Eamon Murphy, Michael Healy, Matt Power, Tony Brazil and George O’Callaghan look at plans
THE new €20m school building for Coláiste Chiaráin is “part of a jigsaw for the evolution of Croom” as a major satellite town.
Tony Brazil, chair of the school’s board of management, said that the town is a “natural residential area” for those working in the industrial belt around Limerick city.
The school, set for a September 2018 opening, has finally been granted planning permission after a lengthy process during which the permission had been denied a number of times.
“Any possible impediments have now been removed. We have to go through a whole series of things now, the architects are working for the tender process. Because of the value being over a certain limit it has to go on Euro Tenders, so all those things take a little extra time,” said Mr Brazil.
“It’s been a long time in gestation, and I think there’s great relief for students, parents and teachers to get proper facilities,” he said.
“We’ve been working under very poor conditions, but nevertheless people ploughed on, and there’s a great spirit in the school which has sustained the whole thing.”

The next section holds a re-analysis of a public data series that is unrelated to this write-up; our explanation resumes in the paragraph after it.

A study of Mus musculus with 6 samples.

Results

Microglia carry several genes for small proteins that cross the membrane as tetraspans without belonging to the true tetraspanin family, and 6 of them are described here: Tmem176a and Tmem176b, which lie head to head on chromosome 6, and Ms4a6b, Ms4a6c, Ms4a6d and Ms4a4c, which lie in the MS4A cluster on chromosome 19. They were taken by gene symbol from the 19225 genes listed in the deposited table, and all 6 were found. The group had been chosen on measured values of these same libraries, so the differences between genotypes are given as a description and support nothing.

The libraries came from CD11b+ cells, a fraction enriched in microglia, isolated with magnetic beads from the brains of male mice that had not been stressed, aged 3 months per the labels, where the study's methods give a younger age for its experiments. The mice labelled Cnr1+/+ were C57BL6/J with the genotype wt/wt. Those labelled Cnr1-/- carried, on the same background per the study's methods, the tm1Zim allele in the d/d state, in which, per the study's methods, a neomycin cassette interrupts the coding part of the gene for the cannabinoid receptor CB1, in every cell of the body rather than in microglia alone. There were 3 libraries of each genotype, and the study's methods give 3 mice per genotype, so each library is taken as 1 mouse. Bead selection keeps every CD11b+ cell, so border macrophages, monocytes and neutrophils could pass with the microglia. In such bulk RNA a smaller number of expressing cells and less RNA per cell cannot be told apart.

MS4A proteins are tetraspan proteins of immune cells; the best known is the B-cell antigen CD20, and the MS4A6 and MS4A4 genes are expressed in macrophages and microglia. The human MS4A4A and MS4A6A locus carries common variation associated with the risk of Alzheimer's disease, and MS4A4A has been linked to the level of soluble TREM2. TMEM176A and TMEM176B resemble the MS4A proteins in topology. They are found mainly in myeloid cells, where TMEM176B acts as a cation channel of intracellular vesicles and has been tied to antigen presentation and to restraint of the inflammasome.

As part of a local area plan, the town is due to get a distributor road in the next two years, a move that is expected to take pressure off the main street, which often becomes a bottleneck for traffic.
“With the emergence of industrialisation around Limerick city, in Raheen and such places, Croom is a natural residential area for that, and we are happy to play a part,” said Mr Brazil.
“The mix of students coming to the school reflects all that. We have students from all over the world, it’s a very eclectic group,” he added.
The planning process took in excess of 12 months, to pass through the various stages, according to Mr Brazil.
“We’d be reasonably happy that we’d be getting into the building there by Autumn of 2018. We got great cooperation from the Council, so it’s onwards and upwards now,” he added.
The Limerick and Clare Education and Training Board say that the new state-of-the-art school, expected to cost between €15m and €20m, will “greatly enhance the social and economic infrastructure of Croom and the surrounding area”.
They echo Mr Brazil’s sentiments on the future of Croom, stating that the development is “significant in the emerging status of Croom as a major satellite town for Limerick”.